I've spent over a week re-benching my entire stack of silicon with CD PROJEKT RED's ambitious game, Cyberpunk 2077, now that its new v1.5 update is here and with it... an awesome built-in benchmark.
The initial wave of benchmarking saw me concentrating on the raw performance, without any ray tracing (RT) and DLSS (Deep Learning Super Sampling) enabled. But with a lot more time, and a lot more numbers, I've got some data on NVIDIA's flock of Turing and Ampere GPUs with both RT and DLSS enabled at 1080p, 1440p, and 4K.
Cyberpunk 2077 is one of the best-looking games that you can play on the PC, especially when you've got the hardware grunt to dial everything up to the max, and run it at 4K. But even if you do... the fastest CPU and GPU on the planet can't run Cyberpunk 2077 at native 4K and 60FPS. Nope, no way.
NVIDIA has some black magik that it calls DLSS -- or Deep Learning Super Sampling -- with DLSS 2.3 featured in Cyberpunk 2077 with some truly impressive results. DLSS opens up enough additional performance that you can enable both RT + DLSS to enjoy a better-looking Cyberpunk 2077, with even more performance.
But now I'm back, and I have an arsenal of data to go through... so let's dive right into it.
I've got the same graphics settings as my original article, but this time I've enabled ray tracing ("Psycho" setting) and then I've run the NVIDIA GPUs through DLSS on both "Quality" and "Performance" mode. For the ray tracing benchmarks, I've got DLSS set to "Performance".
Test System Specs
Anthony's GPU Test System Specifications
The biggest upgrade to the GPU testbed is the AMD Ryzen 9 5900X processor, offering 12 cores and 24 threads of Zen 3-powered CPU grunt at up to 4.8GHz.
That's plenty of CPU power and offers a great upgrade over the Ryzen 7 3800X that I was using previously.
I will be upgrading this system in a few months, and maybe running it side-by-side with the new Alder Lake-powered Intel Core i9-12900K processor. I'm using one inside of the Allied M.O.A.B.-I gaming PC that I reviewed a few months ago, and man the 12900K is like the Godzilla of CPUs.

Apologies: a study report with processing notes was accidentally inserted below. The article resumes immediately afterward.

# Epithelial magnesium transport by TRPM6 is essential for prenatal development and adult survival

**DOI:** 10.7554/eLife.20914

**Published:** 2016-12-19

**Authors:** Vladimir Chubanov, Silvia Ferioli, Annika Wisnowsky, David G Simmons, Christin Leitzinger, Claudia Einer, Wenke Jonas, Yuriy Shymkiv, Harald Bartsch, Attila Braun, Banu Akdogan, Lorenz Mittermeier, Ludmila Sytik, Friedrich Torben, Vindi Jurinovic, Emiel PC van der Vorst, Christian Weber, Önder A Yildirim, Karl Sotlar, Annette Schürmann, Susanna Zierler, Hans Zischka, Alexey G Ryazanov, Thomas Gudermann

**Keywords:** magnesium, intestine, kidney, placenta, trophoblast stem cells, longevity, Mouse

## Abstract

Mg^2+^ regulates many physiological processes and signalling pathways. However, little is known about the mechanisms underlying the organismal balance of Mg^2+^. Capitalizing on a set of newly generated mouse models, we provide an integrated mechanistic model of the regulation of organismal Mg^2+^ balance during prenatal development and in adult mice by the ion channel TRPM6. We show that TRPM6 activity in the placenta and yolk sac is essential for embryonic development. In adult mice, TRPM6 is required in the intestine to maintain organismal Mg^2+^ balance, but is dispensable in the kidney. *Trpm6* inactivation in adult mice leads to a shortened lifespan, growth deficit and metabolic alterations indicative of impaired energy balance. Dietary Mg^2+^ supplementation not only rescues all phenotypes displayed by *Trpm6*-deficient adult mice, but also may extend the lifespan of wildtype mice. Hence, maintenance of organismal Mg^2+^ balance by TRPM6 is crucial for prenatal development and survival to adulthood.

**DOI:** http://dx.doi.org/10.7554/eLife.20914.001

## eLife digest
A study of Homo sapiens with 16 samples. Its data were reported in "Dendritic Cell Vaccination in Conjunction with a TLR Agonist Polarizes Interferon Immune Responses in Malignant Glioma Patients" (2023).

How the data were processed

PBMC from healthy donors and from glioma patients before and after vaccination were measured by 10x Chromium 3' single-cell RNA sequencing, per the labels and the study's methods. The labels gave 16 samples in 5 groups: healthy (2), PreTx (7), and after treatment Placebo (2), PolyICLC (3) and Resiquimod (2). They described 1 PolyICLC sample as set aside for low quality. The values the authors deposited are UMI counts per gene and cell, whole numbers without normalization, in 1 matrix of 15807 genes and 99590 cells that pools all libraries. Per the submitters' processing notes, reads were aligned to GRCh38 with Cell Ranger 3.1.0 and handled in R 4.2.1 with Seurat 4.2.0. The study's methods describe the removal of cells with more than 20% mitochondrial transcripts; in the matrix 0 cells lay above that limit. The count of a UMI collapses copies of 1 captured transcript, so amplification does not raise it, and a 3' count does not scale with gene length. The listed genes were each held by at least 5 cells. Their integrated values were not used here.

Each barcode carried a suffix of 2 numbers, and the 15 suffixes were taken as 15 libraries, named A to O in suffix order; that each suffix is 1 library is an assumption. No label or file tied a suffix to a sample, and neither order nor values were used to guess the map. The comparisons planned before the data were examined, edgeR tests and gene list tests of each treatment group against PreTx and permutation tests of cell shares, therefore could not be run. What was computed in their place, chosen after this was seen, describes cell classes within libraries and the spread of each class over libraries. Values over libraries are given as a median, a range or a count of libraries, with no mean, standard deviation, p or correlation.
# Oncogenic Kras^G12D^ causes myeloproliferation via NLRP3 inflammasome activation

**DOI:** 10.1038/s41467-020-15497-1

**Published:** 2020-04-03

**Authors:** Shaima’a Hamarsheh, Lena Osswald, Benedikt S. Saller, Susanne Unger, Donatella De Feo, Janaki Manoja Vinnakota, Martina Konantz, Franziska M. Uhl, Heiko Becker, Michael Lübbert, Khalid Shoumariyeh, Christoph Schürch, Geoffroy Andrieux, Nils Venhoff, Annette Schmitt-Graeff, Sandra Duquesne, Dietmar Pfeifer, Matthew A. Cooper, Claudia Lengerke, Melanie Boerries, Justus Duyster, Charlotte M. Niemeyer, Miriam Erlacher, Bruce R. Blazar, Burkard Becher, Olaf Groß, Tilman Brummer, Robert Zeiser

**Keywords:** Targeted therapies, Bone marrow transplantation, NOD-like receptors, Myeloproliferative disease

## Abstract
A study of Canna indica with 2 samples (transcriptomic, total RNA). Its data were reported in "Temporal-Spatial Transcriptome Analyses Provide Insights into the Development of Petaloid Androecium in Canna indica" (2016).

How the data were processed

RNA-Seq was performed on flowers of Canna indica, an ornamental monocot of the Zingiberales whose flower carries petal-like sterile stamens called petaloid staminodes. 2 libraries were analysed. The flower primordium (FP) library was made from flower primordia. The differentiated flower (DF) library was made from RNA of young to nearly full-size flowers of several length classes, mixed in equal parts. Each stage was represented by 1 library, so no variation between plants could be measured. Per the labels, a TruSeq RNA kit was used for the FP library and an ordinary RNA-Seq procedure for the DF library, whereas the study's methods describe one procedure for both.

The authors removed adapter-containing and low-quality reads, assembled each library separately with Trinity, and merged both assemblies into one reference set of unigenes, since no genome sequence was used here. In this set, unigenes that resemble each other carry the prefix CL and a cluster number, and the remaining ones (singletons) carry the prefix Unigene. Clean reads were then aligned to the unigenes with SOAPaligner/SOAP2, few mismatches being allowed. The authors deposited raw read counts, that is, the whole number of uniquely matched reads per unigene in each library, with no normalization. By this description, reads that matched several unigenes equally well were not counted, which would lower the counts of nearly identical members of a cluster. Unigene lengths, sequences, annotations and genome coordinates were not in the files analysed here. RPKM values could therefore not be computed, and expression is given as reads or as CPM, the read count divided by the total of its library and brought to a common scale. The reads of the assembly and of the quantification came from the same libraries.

Sabrent is the most recent partner of mine to help build out my systems, sending me oodles of the fastest NVMe M.2 SSDs on the planet. I'm using Sabrent's flagship Rocket 4 Plus 4TB M.2 SSDs which offers 7GB/sec+ reads and writes with a huge 4TB of capacity.
- Read more: ASUS ROG Strix XG438Q Review: It's So Good, ASUS Will Hate This Review
- Read more: ASUS ROG Swift PG43UQ Review: Perfect For The GeForce RTX 3080
- Read more: ASUS ROG Strix XG43UQ Review - The Best HDMI 2.1 Gaming Monitor
ASUS has been a tight partner of mine for a few years now, providing their huge 43-inch 4K 120Hz gaming monitors for my benchmarking and gaming needs. I'm using two of them at the moment, the ROG Strix XG438Q and the ROG Swift PG43UQ gaming monitors.
- CPU: AMD Ryzen 9 5900X (buy from Amazon)
- Motherboard: ASUS ROG X570 Crosshair VIII HERO (buy from Amazon)
- Cooler: CoolerMaster MasterLiquid ML360R RGB (buy from Amazon)
- RAM: G.SKILL Trident Z NEO RGB 32GB (4x8GB) (F4-3600C18Q-32GTZN) (buy from Amazon)
- SSD: Sabrent 4TB Rocket NVMe PCIe 4.0 M.2 2280 (buy from Amazon)
- PSU: be quiet! Dark Power Pro 11 1200W (buy from Amazon)
- Case: InWin X-Frame 2.0
- OS: Microsoft Windows 11 Pro x64 (buy from Amazon)
- Display: ASUS ROG Swift PG43UQ (4K 120Hz) (buy from Amazon)
Benchmarks - 1080p
Benchmarks - 1440p
Benchmarks - 4K
Let's face it: you want the GeForce RTX 3080 Ti or GeForce RTX 3090 for the ultimate Cyberpunk 2077 experience. CD PROJEKT RED has molded an absolute masterpiece, which is amplified by ray tracing and pumped with performance from DLSS technology and only on GeForce RTX graphics cards.
4K 60FPS with ray tracing in a game as good looking as Cyberpunk 2077 is about as good as it gets on the PC, and a game like Cyberpunk 2077 doesn't require much above 60FPS to feel smooth. Sure, 120FPS is the goal for PC gaming (at least IMO as an enthusiast) but 60FPS (minimum) and maybe 90FPS (average) in a game like that is perfect.
But then you add in NVIDIA and its kick-ass DLSS technology... and then you're adding another 20% average performance at 4K. NVIDIA's flagship... well, for the next few days before the RTX 3090 Ti launches... GeForce RTX 3090 is capable of only 47FPS average at 4K (without RT, and without DLSS).
Enabling both RT (all dials maxed out) and DLSS on Performance mode, the RTX 3090 still pushes another 10FPS average up to 57FPS average. That's with ray tracing enabled, but DLSS is counter-balancing that load on the GPU and injecting a great dose of performance.
The same thing happens across the board, but it's much more noticed on the GeForce RTX 3080, RTX 3080 12GB, and RTX 3080 Ti. There's more performance across the board by enabling not just DLSS, but better graphics through ray tracing, too. It's a win-win.
If you wanted to leap up and over 60FPS average, dropping down to 1440p is something you can do: and you can still keep RT enabled because even DLSS isn't helping much here. All of NVIDIA's higher-end GeForce RTX 3080, RTX 3080 12GB, RTX 3080 Ti, and RTX 3090 graphics cards are capable of 80FPS average (without RT or DLSS).
Enabling both RT and DLSS doesn't do much here, with the RTX 3090 only moving from 84FPS to 90FPS average. You can't complain about that -- once again, we have enabled ray tracing here -- so Cyberpunk 2077 looks even better, but DLSS is helping not provide the same but even better performance at 1440p.